Reunifying a Family is Hard Work, But it’s Worth it! (Part 1)

Family reunification is best for the children AND their parents!

 

For all of the controversy and monstrous errors that have haunted Michigan’s CPS for decades, there is another side to that coin. A side that rarely gets talked about, and doesn’t often make the news. A side that strives to solve the problems faced by families who’ve been torn apart by CPS, and make right what was wrong. Not sure what we’re talking about? It’s none other than Michigan’s Family Reunification Program.

 

Never heard of them? You’re not alone. Many people haven’t. And yet the work they do is recognized on a national level, and sets the standard for family reunification around the country. So what do they do? How does reunifying a family work here in Michigan? Let’s take a look…

 

How does the Michigan Family Reunification Program work?

 

It started as a small trial program in rural parts of the state, where there were no foster homes available for children. So the state provided a small stipend, created the reunification agency, and told them to figure out how to get those kids to stay safely with their families. The trial was a huge success, and has since branched out into 73 of the state’s 83 counties, serving about 1,000 families every year on an annual budget of about $6 million.

 

The layout is simple. Each family worker is given no more than 6 families to work with, so that they have the time available to meet each family’s needs. The family worker, and their team leader, are available 24/7 to the families they serve. This ensures that crises can be handled immediately and effectively. Each family receives between four and six months of services, several hours a week, to ensure that reunification is successful.

 

Reunification is actually much harder than it sounds!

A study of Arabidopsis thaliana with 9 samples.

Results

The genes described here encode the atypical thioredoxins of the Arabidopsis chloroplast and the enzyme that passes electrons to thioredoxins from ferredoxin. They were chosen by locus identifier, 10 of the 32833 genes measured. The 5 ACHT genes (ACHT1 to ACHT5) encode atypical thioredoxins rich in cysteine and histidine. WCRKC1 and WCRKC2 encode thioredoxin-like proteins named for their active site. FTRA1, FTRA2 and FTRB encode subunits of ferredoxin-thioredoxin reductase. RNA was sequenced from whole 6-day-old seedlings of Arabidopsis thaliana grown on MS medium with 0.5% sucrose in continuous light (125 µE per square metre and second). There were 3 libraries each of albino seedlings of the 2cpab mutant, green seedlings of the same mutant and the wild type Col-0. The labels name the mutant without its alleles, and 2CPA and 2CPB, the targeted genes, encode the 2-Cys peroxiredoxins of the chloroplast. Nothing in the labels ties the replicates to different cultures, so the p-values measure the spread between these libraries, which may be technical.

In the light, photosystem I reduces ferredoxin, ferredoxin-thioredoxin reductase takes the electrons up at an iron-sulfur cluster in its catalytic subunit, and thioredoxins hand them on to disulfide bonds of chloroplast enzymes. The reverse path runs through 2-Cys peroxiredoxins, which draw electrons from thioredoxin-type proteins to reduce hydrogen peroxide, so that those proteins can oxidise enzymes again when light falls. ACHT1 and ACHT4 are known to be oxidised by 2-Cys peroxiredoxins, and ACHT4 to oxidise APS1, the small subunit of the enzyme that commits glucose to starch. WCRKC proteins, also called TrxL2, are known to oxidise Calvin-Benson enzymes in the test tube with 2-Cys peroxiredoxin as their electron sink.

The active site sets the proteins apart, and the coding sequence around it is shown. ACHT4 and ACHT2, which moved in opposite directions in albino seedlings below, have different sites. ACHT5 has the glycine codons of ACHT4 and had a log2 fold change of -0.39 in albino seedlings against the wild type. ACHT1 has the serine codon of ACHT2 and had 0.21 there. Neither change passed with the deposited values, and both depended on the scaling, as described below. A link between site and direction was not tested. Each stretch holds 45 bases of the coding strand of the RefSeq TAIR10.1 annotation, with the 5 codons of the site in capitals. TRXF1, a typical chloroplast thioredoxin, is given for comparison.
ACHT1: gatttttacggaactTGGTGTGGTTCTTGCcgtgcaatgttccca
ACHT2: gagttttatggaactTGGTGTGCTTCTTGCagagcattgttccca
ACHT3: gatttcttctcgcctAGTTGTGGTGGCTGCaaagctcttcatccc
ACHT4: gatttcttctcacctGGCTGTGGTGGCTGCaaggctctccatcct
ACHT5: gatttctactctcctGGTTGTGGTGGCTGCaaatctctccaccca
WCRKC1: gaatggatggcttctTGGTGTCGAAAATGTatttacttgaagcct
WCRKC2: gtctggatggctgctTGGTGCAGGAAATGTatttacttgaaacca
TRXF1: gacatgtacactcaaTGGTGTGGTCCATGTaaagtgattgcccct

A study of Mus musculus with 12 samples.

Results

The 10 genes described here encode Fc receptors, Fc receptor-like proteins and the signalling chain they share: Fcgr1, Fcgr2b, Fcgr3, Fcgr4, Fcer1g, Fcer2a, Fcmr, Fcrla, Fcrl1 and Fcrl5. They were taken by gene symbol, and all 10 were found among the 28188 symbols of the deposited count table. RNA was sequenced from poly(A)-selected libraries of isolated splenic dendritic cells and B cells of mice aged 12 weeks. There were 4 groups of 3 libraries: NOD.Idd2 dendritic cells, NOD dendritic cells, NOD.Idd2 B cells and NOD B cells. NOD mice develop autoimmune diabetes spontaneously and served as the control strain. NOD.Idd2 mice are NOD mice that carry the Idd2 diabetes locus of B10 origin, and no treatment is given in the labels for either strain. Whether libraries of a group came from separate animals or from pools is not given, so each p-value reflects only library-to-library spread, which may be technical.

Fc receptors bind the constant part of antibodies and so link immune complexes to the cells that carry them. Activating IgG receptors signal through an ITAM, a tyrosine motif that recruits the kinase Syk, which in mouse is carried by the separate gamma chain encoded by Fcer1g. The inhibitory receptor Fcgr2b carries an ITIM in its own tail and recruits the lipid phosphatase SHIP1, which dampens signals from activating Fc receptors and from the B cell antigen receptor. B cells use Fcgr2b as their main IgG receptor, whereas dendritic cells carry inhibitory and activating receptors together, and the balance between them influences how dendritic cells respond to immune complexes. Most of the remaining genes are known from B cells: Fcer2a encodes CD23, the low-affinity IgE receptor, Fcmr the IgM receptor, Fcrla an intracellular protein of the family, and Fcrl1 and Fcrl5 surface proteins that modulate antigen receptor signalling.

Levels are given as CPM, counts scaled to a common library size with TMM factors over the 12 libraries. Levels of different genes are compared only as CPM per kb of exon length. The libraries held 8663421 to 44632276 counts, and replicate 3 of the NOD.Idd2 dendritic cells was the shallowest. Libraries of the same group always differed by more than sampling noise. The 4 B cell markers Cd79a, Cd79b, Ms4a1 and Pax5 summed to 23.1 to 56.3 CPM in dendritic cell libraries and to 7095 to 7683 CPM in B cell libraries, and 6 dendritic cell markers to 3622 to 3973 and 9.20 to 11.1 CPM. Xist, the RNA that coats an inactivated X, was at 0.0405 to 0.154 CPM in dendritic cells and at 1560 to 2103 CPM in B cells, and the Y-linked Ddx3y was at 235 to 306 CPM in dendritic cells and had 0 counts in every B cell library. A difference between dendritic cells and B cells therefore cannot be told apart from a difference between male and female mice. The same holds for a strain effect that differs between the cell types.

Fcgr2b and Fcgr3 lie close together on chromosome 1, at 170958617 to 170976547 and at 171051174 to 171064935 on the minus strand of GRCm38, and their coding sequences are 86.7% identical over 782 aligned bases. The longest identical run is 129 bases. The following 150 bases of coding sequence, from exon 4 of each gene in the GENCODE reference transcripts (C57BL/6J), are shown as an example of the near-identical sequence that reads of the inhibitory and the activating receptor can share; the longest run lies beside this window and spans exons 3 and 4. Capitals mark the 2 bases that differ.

You would think it would be easy. Give the kids back to their parents, everyone will be happy, and life will go on. But that’s not the case. The children tend to return home expecting their parents to be the way they were before. But the parents have changed. They’ve attended substance abuse counseling, therapy, parenting classes. Everything is different now, and everyone needs to get to know each other all over again. Boundaries will be pushed. It’s a very fragile time for the newly reunited family.

 

And whatever problems led to the children being removed in the first place, those are often still there. An unreliable car that makes keeping a job hard. Finances that never seem to cover all of life’s necessities, making having enough food and bill paying a juggling act. Tenuous sobriety that is vulnerable to stress. Unreliable childcare options. These are families with a lot of challenges. And being newly reunified means working to establish boundaries and relationships during times of hardship and need.

 

Many families don’t get into the reunification program.

 

There simply isn’t enough room. Due to staffing limitations and financial restrictions, the program can only handle 1,000 families per year. Which may sound like a lot, until you stop and consider how many children are in foster care in Michigan. The answer is thousands. And so many families might meet the criteria for reunification under this amazing program, but there just isn’t space for them.

 

Join us next time, as we look at some of the challenges this program faces, and some of the incredible successes they’ve achieved. Until then, if you or a loved one have been accused of child abuse or neglect, and CPS is threatening to take your children away, call The Kronzek Firm at 866 766 5245. Our skilled CPS Defense Attorneys are standing by 24/7 to help you!